WSJ Historically Speaking: How the Turkey Became the Thanksgiving Bird
This Thanksgiving, let’s spare a thought for the roughly 40 million turkeys whose destiny is inextricably linked to the fourth Thursday in November.
As a symbol of national pride and family values, the humble turkey has few rivals. But how did it edge out the competition to become the quintessential Thanksgiving dish?
Success was neither immediate nor assured. It isn’t clear whether turkey made it onto the menu at the original 1621 harvest-celebration meal shared among the Pilgrims and the Wampanoag. Wild turkeys were plentiful; the colonist leader William Bradford noted in his diary that “there was a great store” of them. But the only surviving letter about that meal refers to four men who went “a-fowling,” which could have meant anything from ducks to swans.
The tradition of Congress issuing a national Thanksgiving proclamation began in 1777, at around the same time that the Great Seal of the U.S. was being designed, and the turkey wasn’t a serious contender to be the symbol of America. The birds considered included the rooster, the dove and the eagle. In the end, the Great Seal committee accepted Charles Thomson’s 1782 suggestion of the bald eagle.
But two years later, Benjamin Franklin found himself wondering whether they had made a mistake: “I wish the Bald Eagle had not been chosen the Representative of our Country. He is a Bird of bad moral Character. He does not get his Living honestly…he is generally poor and often very lousy.” By contrast, Franklin wrote, the turkey was a “much more respectable bird…though a little vain and silly, a Bird of courage.”
Franklin’s halfhearted praise for the turkey marked a turning point for the fowl. During the 19th century, the turkey’s usefulness as a cheap source of meat for a large crowd made it increasingly popular. By 1869, the writer Harriet Beecher Stowe recalled in “Old Town Folks” the Thanksgivings of the past, “the turkey, and chickens…with all that endless variety of vegetables which the American soil and climate have contributed to the table.”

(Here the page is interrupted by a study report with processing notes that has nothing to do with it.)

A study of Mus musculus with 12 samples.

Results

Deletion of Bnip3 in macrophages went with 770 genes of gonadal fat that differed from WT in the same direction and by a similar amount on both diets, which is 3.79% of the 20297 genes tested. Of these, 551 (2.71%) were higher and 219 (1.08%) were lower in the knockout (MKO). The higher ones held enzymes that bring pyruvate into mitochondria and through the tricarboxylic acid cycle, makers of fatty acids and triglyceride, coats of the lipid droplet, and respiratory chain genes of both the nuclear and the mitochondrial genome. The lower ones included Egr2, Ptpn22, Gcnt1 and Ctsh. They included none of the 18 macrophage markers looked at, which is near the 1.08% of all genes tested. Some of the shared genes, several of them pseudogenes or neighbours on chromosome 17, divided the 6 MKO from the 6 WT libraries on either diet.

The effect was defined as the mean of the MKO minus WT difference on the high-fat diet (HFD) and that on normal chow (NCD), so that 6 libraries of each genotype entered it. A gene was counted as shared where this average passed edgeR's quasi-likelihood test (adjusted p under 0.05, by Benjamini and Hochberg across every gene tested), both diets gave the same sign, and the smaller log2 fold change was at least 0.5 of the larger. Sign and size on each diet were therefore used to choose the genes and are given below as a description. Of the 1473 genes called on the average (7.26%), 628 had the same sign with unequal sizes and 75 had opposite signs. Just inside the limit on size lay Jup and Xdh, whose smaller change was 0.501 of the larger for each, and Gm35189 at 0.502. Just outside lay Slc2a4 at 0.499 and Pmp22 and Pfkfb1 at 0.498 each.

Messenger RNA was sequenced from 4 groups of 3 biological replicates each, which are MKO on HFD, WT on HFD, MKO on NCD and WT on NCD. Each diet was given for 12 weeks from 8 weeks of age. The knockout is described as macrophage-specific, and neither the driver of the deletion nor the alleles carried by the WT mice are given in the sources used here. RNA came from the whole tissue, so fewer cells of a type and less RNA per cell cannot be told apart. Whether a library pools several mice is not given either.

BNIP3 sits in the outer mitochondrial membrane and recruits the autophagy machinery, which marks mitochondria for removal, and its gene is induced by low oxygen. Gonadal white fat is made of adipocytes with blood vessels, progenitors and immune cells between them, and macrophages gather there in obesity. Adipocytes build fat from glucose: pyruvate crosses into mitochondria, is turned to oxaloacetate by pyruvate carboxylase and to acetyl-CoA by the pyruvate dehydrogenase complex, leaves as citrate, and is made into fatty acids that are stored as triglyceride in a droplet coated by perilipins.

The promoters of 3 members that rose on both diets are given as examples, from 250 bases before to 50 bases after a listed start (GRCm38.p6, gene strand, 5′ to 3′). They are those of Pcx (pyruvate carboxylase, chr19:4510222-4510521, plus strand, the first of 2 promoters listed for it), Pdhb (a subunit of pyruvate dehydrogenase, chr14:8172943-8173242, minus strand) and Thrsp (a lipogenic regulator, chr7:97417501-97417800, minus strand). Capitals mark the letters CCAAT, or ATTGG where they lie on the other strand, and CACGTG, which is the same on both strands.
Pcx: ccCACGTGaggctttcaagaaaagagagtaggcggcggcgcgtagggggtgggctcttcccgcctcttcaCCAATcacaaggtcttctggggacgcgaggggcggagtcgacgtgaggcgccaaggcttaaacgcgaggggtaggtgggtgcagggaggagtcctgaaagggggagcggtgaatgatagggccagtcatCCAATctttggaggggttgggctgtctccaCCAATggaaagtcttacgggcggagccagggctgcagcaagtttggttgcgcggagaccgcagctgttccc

Yet even as the turkey began to rule the roast, it never achieved the iconic status of the wolf, the bear or the bison. One of the very few 19th-century American poets who found literary inspiration in the turkey was the folk-writer James Whitcomb Riley (1849-1916), author of the original “Little Orphant Annie.”
Riley produced the following gem: “When the frost is on the punkin and the fodder’s in the shock, / And you hear the kyouck and gobble of the struttin’ turkey-cock…O, it sets my hart a-clickin’ like the tickin’ of a clock,” which may have made other poets feel that nothing more could possibly be said about the bird.
Only in the 20th century did the turkey fly from the roasting pan into the fire of America’s imagination. If the 1968 Broadway hit “Promises, Promises” has mostly faded from memory, a baffling song-and-dance number from Act I, “Turkey Lurkey Time,” has found everlasting fame in ring tones and glee clubs.
In 1983, the turkey made history on the British TV game show “Family Fortunes.” A contestant used the bird to answer three questions in a row, including, “Name something people take with them to the beach.” But it was in the following decade—in season five, episode eight of the NBC sitcom “Friends”—that the turkey achieved legendary greatness. No one who watched Joey get his head stuck inside a Thanksgiving turkey would ever think of the bird in the same way again.